The team investigated whether ulcers are markers for invasive carcinoma in Barrett's esophagus (BE).
They reported their findings in the January issue of the American Journal of Gastroenterology.
Follow-up information from 138 patients with BE and varying degrees of dysplasia was correlated with the presence of ulcers.
A group of pathologists were asked to contribute patients' initial biopsy slides BE without dysplasia, and with epithelial changes indefinite for dysplasia, low-grade dysplasia (LGD), high-grade dysplasia (HGD), and adenocarcinoma.
There were 44 cases submitted as BE, 22 as BE with epithelial changes indefinite for dysplasia, 26 as BE with LGD, 33 as BE with HGD, and 13 as BE with adenocarcinoma.
Ulcers were present in 35 of the 138 cases (25%). This included 7% of cases of BE without dysplasia, 9% of BE cases with epithelial changes indefinite for dysplasia, 0% of BE cases with LGD, 30% of BE cases with HGD, and 54% of BE cases with adenocarcinoma.
On median follow-up of 39 months, there were no invasive carcinomas detected among the BE without dysplasia group.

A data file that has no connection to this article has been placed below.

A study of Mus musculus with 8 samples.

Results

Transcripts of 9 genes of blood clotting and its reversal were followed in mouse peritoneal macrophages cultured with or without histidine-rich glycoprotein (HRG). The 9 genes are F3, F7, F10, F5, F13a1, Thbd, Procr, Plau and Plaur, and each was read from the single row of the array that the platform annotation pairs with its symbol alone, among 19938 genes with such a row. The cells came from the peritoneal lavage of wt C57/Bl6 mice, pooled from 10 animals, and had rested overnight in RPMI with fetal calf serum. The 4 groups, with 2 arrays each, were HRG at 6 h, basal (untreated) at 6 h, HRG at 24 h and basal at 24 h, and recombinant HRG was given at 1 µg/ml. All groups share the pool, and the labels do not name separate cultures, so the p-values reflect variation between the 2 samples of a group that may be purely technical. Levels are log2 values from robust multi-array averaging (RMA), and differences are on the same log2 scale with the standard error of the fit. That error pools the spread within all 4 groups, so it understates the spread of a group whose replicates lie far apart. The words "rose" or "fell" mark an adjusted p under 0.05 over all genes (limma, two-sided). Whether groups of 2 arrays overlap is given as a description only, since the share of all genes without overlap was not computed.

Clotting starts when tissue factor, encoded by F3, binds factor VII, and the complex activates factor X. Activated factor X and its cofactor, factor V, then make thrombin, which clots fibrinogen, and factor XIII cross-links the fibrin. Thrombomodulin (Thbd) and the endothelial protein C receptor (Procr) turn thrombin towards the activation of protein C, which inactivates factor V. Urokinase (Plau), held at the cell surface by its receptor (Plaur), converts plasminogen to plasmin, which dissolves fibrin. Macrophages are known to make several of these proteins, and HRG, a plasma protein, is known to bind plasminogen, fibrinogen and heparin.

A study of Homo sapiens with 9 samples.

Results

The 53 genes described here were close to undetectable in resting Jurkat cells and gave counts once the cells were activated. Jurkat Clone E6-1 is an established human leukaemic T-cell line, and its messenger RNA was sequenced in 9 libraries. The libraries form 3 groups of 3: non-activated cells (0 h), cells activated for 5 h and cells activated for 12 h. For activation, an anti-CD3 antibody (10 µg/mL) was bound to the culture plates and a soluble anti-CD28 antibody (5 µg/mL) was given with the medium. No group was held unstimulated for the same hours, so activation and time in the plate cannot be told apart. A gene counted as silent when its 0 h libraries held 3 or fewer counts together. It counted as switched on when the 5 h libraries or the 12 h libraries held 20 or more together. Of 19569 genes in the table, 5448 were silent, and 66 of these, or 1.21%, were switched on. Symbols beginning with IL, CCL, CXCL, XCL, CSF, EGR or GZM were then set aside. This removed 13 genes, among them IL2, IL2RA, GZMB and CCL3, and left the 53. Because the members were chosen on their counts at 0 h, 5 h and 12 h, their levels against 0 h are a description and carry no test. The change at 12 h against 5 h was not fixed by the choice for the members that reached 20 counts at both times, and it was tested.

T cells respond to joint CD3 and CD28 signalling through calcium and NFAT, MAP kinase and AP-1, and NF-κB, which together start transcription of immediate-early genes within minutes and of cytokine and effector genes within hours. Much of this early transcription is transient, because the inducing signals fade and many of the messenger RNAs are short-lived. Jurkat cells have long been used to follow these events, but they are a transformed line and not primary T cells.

|HGD patients with carcinoma:|
With ulcers: 80%
Without ulcers: 52%
| American Journal of Gastroenterology |
Adenocarcinomas were detected in 4/22 cases (18%) submitted as BE with epithelial changes indefinite for dysplasia at 19, 55, 60, and 62 months, and in 4/26 cases (15%) of BE with LGD at 9, 9, 11, and 60 months.
None of these carcinomas occurred in cases in which an ulcer was present in the initial biopsy specimen.
Among the 33 HGD cases, 60% were found to have adenocarcinoma on subsequent resection specimens.
The researchers found that the presence of an ulcer with HGD increased the likelihood of finding carcinoma in the resection specimen, as 80% of HGD patients with ulcers had carcinoma, compared to 52% of HGD patients without ulcers.
All of the cases interpreted as adenocarcinomas on biopsy were found either to have invasive carcinoma on esophageal resection or to have metastases that were demonstrated in unresectable patients.
Author E. Montgomery, of the Johns Hopkins University, Baltimore, concluded on behalf of fellow colleagues, "If an ulcer accompanies HGD in a biopsy specimen from a patient with BE, it is likely that invasive carcinoma is also present at that time."